It will be winner-takes-all at The Office in Kingston on Sunday, November 13. Jamaica and Suriname play to decide which team spends next summer contesting the 2017 Caribbean and Gold Cups, and which will be shopping for a friendly opponent or two to fill the long months without meaningful international competition.
That Jamaica is in this situation at all - potentially 90 minutes away from a relatively barren 2017 (there is potentially another route to a Gold Cup berth for the loser of this game, but it is not guaranteed and will be scant consolation) - illustrates how far the Reggae Boyz have fallen since their run to the final of the 2015 Gold Cup. In 2016, Jamaica has won two senior men's internationals, and none at home. The team has been bounced out of World Cup qualifying and dropped head coach Winfried Schafer.
Theodore "Tappa" Whitmore is Jamaica's interim head coach, but if he can't coax a win out of the Reggae Boyz in this game, the task of managing the team full-time won't be all that interesting to anyone: Jamaica will have neither Caribbean Cup nor Gold Cup to play for next year. And it is a long wait for the next cycle of World Cup qualifiers.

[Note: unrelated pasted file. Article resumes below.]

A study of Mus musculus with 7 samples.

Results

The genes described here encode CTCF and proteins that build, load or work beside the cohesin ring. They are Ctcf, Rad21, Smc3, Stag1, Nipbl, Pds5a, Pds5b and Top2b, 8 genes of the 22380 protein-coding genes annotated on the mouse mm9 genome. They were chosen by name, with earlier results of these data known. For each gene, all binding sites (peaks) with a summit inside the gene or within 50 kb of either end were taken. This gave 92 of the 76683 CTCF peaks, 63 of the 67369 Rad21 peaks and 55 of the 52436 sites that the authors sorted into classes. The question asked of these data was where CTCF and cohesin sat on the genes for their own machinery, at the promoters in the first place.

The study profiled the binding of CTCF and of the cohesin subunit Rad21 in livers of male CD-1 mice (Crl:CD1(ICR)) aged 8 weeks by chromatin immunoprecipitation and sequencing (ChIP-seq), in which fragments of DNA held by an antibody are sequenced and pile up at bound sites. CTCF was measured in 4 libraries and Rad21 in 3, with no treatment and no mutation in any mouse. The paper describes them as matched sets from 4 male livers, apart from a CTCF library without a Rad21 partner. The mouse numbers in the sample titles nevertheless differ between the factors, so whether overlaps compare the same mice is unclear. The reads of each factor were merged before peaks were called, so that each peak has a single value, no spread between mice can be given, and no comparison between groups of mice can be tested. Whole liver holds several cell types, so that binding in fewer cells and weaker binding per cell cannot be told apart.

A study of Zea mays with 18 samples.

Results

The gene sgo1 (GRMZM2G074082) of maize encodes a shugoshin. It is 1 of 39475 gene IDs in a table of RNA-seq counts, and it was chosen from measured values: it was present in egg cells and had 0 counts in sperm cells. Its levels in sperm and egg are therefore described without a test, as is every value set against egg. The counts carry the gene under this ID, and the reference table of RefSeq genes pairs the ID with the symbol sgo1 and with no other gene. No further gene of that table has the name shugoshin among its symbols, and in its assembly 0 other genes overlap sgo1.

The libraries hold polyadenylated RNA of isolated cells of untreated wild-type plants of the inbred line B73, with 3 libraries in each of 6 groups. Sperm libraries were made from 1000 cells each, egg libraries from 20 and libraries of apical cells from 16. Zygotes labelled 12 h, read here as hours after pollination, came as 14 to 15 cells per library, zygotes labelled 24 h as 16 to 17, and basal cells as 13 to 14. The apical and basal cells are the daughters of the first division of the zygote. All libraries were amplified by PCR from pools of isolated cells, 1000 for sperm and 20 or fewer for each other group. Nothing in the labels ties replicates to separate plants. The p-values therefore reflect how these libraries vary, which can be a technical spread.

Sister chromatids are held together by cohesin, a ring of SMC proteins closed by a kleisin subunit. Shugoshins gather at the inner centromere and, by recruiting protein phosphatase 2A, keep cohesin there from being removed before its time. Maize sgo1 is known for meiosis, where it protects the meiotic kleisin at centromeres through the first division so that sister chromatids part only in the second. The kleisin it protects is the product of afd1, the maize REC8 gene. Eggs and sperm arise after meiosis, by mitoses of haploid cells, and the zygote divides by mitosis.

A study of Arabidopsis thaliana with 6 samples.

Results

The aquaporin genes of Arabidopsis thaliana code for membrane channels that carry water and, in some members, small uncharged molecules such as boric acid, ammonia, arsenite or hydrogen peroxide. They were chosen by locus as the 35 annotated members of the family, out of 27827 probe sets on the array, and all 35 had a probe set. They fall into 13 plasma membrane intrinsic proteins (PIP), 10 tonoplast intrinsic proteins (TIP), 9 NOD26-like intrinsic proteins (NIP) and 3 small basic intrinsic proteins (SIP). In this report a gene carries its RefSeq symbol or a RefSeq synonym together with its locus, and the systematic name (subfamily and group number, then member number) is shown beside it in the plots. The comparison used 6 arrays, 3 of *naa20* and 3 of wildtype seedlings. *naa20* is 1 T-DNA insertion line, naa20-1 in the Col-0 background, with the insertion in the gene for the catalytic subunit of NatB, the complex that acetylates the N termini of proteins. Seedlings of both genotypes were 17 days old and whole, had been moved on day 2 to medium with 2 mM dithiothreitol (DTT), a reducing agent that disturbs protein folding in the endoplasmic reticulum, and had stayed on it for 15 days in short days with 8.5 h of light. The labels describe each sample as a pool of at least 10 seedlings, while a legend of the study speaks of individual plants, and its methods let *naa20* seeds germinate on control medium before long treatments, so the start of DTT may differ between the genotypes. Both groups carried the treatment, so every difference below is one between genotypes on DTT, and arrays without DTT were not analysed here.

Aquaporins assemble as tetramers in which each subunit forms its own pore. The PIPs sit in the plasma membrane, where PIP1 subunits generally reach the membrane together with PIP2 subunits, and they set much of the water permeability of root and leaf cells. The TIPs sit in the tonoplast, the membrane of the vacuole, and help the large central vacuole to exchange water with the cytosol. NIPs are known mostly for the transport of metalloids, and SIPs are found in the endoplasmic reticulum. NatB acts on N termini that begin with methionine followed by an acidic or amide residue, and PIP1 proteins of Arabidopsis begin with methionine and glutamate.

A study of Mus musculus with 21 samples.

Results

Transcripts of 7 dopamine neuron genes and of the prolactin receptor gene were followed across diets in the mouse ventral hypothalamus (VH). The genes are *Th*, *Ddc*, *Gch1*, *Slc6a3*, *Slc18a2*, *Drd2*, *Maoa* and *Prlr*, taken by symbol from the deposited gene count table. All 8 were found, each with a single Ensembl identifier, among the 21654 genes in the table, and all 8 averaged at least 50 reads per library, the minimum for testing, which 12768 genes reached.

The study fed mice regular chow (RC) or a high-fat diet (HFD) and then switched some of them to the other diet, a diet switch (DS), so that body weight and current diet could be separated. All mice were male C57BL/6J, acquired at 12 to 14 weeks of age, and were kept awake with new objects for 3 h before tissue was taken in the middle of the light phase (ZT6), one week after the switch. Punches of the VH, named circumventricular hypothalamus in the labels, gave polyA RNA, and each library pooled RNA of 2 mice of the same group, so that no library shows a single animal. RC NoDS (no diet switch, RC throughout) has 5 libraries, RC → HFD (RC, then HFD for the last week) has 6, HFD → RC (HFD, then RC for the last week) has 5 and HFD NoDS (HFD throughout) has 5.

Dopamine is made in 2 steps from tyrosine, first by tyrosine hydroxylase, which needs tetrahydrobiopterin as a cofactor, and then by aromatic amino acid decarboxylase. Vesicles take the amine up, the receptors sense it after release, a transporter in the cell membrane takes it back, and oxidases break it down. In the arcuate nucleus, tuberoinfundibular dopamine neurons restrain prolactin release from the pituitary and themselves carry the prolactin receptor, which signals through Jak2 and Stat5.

Jamaican men's national team soccer is at a low ebb, and the Reggae Boyz must confront an unexpectedly important game without two key players: New England Revolution's Je-Vaughn Watson and New York Red Bulls' Kemar Lawrence. Also missing is much of the foreign-based and foreign-born legion that was groomed for the current World Cup qualifying cycle. There were no call-ups for Michael Hector, Wes Morgan, Jobi McAnuff, or Clayton Donaldson, for example.
Instead, Whitmore will take on Suriname with a squad that is relatively inexperienced at the international level. Andre Blake (the Philadelphia Union 'keeper will captain Jamaica in this match) and Dicoy Williams are the only players on the roster with double-digit national team caps to their respective names.
Even a squad of fringe and emerging players from Jamaica's player pool is expected to be better than Suriname in Kingston. But these Caribbean Cup qualifiers have made a habit upsetting expectations. Curacao, French Guiana and Martinique are already qualified for next year's Gold Cup and the finals of Caribbean Cup. Trinidad and Tobago and Haiti are not.
There will be a winner of this match between Jamaica and Suriname, since the rules of the tournament do not allow for ties. But that winner is not inevitably going to be Jamaica.